Whilst at first considered to be a novelty concept, 3D printing is now starting to have an important impact on several industries in the modern world.
According to official statistics, the 3D printing industry is now worth more than an estimated $7 billion (approx. £5.3 billion) in today’s market. Experts predict this figure to grow even further during 2019 and all the way into 2022. With 3D printing proving to be such a valuable area for companies and individuals to get involved with, it is now starting to influence several industries. Here is a closer look at some recent examples.
3D Printing in the Automotive Industry
Whilst the concept of a car being created using 3D printing is still yet to be completely realised, it has been instrumental in developing new parts and enhancing the customisation of vehicles. With this, we need not look any further than some recent news from the vehicle manufacturer MINI. In order to allow deeper customisation of their vehicles, the company announced new tools which will allow customers to modify features of their car with an app named MINI Yours Customised. Better still, the new customisable parts will be possible to install away from a factory or any MINI dealership. The parts will also meet the high levels of car safety that are required on all roads due to being subject to several crash and durability tests. This innovation has opened the door up to other vehicle manufacturers to create customised parts and vehicle features on the fly.
3D Printing in the Medical Industry
With the persistent strain that the Medical industry is under in the current climate, could we see medication 3D printed in the future? Research carried out in 2017 by a team at the University of Michigan may hint at this being the case. The method they tested allowed the printing of multiple medications onto a dissolvable strip, microneedle patch or any other dosing device in a singular dosage. If brought to the Medical industry, 3D printed medication could have several advantages in speeding up the development of new drugs and the testing process behind them.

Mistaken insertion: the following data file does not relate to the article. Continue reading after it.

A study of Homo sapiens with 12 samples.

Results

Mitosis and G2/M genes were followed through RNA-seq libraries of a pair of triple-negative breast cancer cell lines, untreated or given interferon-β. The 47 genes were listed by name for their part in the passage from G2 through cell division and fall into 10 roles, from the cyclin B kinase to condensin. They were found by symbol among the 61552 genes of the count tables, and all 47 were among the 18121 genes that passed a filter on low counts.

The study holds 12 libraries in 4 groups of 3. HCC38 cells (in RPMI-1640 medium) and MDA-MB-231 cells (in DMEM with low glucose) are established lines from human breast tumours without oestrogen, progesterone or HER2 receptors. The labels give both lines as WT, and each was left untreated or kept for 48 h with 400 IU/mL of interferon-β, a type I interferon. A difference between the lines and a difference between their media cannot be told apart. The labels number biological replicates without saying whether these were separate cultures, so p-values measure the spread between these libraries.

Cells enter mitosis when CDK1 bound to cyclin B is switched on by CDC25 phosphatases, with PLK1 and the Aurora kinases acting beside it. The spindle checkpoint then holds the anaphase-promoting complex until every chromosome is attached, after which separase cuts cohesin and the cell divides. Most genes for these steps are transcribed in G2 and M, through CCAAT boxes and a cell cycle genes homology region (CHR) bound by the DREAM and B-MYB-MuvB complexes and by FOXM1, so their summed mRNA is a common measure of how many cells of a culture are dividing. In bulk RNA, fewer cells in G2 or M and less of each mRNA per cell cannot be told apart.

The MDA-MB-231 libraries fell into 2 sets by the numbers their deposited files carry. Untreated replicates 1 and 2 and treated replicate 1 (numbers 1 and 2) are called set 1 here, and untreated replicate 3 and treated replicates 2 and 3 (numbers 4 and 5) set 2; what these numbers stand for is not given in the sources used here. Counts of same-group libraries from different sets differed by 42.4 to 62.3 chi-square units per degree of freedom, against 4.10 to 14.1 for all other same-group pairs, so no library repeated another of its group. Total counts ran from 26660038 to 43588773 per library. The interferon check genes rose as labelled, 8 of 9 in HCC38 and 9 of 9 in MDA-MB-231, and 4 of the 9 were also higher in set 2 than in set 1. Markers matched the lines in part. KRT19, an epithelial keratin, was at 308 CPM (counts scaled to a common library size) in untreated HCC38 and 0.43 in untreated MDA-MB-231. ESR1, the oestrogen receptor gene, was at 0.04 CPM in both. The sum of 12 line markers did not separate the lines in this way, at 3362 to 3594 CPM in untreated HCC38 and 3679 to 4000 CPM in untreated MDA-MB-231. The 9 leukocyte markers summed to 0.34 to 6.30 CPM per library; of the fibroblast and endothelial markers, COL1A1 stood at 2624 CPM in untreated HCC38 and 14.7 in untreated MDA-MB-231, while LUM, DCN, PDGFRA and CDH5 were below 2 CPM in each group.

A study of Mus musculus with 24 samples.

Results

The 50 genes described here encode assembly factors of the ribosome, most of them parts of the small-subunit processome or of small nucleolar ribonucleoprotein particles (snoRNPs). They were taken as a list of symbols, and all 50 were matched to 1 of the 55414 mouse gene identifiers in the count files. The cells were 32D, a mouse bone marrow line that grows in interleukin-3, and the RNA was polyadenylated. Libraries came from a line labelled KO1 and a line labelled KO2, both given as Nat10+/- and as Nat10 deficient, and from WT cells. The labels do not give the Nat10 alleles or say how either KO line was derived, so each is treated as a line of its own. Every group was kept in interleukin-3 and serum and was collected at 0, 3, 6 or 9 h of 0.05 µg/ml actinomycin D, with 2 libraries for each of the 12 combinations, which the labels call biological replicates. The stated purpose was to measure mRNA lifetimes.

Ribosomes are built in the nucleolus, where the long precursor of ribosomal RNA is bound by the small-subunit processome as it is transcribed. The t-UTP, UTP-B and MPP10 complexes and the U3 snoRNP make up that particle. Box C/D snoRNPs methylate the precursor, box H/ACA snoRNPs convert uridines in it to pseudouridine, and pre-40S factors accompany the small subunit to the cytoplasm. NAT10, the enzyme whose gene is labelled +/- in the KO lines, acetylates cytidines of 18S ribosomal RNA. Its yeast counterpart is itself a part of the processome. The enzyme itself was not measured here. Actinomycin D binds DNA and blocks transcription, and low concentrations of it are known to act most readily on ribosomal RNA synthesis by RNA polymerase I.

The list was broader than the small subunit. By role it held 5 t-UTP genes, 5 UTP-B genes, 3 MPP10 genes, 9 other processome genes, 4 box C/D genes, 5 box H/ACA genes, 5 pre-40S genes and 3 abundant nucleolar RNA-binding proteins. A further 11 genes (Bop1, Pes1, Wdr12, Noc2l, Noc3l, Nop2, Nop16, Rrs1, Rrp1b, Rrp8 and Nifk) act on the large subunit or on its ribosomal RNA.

For patients, these benefits could prove to be enormous, particularly for those who must take several forms of medication daily or have to consume a mixture of pharmaceutical drugs regularly. Whilst we may be a few years away from seeing 3D printed medication brought to the table, it could certainly revolutionise the way we think about medicine.
3D Printing in the Construction Industry
Considered as the industry that 3D printing has had more focus on in the past few years, the Construction world has already seen benefits of additive manufacturing and 3D printing. One of the clearest examples of this is an autonomous 3D printer that was able to print a house in 14 hours. The printer itself differs from most traditional systems as it is not fixed onto a structure. The free moving system can create an object of any size that the user desires.
To highlight its capabilities, researchers used a prototype of the printer to create a basic housing structure. The structure, consisting of a 12-foot-high dome with a 50-foot diameter, took only 14 hours to create via 3D printing. For those involved in construction, this can be best seen as a game-changer in the industry, as it could allow for homes and other building to be printed much quicker and more efficiently than standard construction practices.
We’ve covered the main three industries we believe have been impacted by 3D printing in this article, but what do you think? Is there an industry that you think we might have missed?